A simple school assignment entitled “If I Were In Charge of the World” gave me a brief glimpse into my child’s mind and served as a huge reminder of one of my roles as a parent; building confidence in my child.
When I pulled the assignment out of the backpack, I was met with an embarrassed laugh and, “That’s so stupid.” “What?” I asked. “What’s stupid?” Then came the reply, “The whole assignment. It’s just stupid.” It was quickly grabbed out of my hands and crumpled up. Trash.
Well, of course, that made me oh so curious. Kids went off to school, and trash digging I went. Fortunately, it was on the top layer! What I found wasn’t a big deal. Pretty typical actually, the things I don’t like get eliminated and the things I love are available in abundance.
Until the last few lines, they really pulled at my heart and have stuck with me all morning. Now this kiddo would be mortified if I shared his words so that’s not gonna happen, but it spoke of specific struggles. Someone else might read it and only see the humor, but I caught it. Until that moment, I didn’t know that some seemingly insignificant things are creating a sense of inadequacy within; things our family is quick to point out as faults. I hate that feeling.
Here’s what it spoke to my heart.
“If I were in charge of the world, a person who tries hard but messes up, makes mistakes for the whole world to see, and feels stupid because it seems so much easier for all the other kids; that person would still be allowed to be in charge of the world.”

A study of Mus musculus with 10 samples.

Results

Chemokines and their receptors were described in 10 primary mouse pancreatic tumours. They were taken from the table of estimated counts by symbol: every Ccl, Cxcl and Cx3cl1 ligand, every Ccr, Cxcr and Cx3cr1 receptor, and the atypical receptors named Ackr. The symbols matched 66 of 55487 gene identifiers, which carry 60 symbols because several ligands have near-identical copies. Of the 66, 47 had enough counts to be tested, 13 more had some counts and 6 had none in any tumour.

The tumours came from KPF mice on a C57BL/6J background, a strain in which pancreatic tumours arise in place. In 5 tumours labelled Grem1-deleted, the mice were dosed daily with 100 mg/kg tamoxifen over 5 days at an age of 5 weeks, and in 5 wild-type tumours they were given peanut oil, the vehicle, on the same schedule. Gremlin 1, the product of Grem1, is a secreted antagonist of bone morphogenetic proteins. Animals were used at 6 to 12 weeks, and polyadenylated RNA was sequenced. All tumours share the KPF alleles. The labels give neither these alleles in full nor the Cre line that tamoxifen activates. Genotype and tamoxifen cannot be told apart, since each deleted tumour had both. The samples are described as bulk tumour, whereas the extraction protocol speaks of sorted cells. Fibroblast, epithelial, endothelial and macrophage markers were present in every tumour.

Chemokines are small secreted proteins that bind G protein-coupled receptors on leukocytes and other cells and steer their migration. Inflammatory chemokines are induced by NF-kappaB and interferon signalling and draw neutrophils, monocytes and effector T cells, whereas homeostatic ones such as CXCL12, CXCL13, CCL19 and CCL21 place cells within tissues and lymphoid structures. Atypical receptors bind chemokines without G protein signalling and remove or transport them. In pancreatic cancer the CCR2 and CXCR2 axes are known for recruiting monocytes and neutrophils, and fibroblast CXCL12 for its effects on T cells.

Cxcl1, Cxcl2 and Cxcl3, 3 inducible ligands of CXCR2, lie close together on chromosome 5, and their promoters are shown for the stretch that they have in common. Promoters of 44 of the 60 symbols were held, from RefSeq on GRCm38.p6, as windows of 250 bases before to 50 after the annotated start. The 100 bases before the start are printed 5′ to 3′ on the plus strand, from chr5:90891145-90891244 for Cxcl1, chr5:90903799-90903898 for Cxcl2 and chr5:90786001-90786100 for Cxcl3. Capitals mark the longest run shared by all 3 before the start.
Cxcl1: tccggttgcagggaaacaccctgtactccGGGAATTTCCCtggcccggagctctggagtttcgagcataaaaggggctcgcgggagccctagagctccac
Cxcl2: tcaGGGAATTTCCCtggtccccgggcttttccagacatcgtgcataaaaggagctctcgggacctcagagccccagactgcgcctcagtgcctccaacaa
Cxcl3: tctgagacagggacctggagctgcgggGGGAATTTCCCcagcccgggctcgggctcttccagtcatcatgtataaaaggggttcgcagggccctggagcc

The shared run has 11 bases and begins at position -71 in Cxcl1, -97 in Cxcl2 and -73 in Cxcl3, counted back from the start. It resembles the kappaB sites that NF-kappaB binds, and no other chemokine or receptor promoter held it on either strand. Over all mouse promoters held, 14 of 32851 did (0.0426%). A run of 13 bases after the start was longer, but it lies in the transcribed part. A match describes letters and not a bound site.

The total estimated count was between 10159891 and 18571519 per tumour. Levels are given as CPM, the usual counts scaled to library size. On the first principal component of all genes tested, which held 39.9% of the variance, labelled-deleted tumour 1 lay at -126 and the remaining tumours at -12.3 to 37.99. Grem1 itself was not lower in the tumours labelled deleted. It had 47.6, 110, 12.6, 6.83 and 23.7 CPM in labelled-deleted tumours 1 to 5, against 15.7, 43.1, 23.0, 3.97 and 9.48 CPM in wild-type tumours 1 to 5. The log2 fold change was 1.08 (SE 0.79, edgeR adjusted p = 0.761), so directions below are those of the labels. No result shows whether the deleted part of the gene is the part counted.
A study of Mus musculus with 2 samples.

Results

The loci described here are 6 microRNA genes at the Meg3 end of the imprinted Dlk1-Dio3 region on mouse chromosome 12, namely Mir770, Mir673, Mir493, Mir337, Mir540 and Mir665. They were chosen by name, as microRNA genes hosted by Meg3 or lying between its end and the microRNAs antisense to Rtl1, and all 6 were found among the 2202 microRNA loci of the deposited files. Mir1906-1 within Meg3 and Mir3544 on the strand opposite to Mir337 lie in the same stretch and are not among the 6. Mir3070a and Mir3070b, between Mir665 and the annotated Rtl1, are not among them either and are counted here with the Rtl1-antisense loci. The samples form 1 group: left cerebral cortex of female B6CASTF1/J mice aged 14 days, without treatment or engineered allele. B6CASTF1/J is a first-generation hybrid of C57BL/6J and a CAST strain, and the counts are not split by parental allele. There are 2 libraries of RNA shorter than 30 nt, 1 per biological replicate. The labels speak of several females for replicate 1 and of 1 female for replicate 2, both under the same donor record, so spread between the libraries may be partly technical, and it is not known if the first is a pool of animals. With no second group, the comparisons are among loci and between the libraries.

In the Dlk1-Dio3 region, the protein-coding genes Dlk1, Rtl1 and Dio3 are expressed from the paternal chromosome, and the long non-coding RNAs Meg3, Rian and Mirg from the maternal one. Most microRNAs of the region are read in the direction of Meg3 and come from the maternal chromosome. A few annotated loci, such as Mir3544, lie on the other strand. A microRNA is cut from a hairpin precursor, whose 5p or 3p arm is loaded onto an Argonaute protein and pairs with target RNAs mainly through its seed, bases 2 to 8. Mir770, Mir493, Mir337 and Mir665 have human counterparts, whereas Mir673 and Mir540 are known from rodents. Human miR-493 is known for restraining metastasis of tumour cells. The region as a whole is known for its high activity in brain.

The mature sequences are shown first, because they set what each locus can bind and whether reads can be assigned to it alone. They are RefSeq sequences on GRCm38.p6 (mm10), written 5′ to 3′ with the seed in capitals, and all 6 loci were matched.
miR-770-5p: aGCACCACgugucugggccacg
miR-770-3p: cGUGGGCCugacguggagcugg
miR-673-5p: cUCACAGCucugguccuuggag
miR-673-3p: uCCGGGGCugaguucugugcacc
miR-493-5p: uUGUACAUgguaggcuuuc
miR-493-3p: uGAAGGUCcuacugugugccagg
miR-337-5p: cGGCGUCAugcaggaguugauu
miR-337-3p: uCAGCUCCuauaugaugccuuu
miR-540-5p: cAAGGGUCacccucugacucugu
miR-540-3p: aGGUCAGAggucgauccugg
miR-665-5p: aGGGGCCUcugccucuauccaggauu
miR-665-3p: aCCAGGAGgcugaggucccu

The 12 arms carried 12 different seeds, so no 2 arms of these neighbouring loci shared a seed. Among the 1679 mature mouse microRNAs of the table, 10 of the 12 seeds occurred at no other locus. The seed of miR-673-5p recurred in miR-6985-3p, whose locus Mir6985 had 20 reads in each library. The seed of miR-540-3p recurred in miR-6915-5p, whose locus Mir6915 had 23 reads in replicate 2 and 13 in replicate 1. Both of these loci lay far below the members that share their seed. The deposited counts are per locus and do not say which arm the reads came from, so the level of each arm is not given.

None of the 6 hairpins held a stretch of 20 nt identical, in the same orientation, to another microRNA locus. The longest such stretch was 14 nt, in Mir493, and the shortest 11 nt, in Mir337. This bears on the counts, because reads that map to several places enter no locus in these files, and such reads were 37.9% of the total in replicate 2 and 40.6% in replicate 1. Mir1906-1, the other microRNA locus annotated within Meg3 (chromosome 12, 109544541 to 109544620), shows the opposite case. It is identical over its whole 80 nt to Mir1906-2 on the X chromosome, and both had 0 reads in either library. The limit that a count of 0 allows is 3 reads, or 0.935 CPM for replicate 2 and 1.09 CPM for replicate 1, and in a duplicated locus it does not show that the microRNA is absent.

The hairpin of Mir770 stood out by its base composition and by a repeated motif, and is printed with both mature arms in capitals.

I feel that way sometimes too. Okay, a lot of times. I feel like I just want someone to appreciate that I am busting my tail and that even though I mess up, I’m important enough to be in charge of the world! In this moment, created by a simple school assignment, I could recognize the efforts of a child; efforts I had been overlooking. I could see the desire to feel accepted, flaws and all. My heart could connect.
Do we notice the sincere efforts of our children frequently enough? They get lost so easily in the shuffle of a busy day and an imperfect life. I miss them all the time and even take them for granted.
It’s easy at the end of a performance or project to shower our kids with hugs and praise, “Good job.” “You’re Awesome.” “You’re the Best.” “I’m so proud of you.”
But what about when things don’t go so well, or in the quiet everyday moments? These are powerful moments when we get to shape a child. Words of encouragement are specific, truthful words that acknowledge effort and communicate acceptance. They are more meaningful and impactful than generic blanket statements of praise.
Here are some homework examples. Because who hasn’t pulled their hair out over a homework session!?
“I saw you stick with that homework when you were tired.
“It felt like you wanted to quit, and you finished.”
“You had a meltdown and quit, but then you came back and tried again.”
“You showed up when it would have been easier to stay in bed. I just noticed that….you showed up.”
“Looks like you’re learning. You got 8 right.” Even when it’s 8 out of 25. Notice what did go well.
If you have a child who is really struggling right now, take note of the simplest signs of effort. You might have to look hard, really hard. I get it but do it. They need your encouragement., and your heart needs it too. Commit to noticing things today.
I am grateful for these moments of insight. I need reminders. When we are on the look-out for moments of effort, and share words of encouragement, we communicate to a child that we believe in them. More importantly, we teach that they are in charge of their world.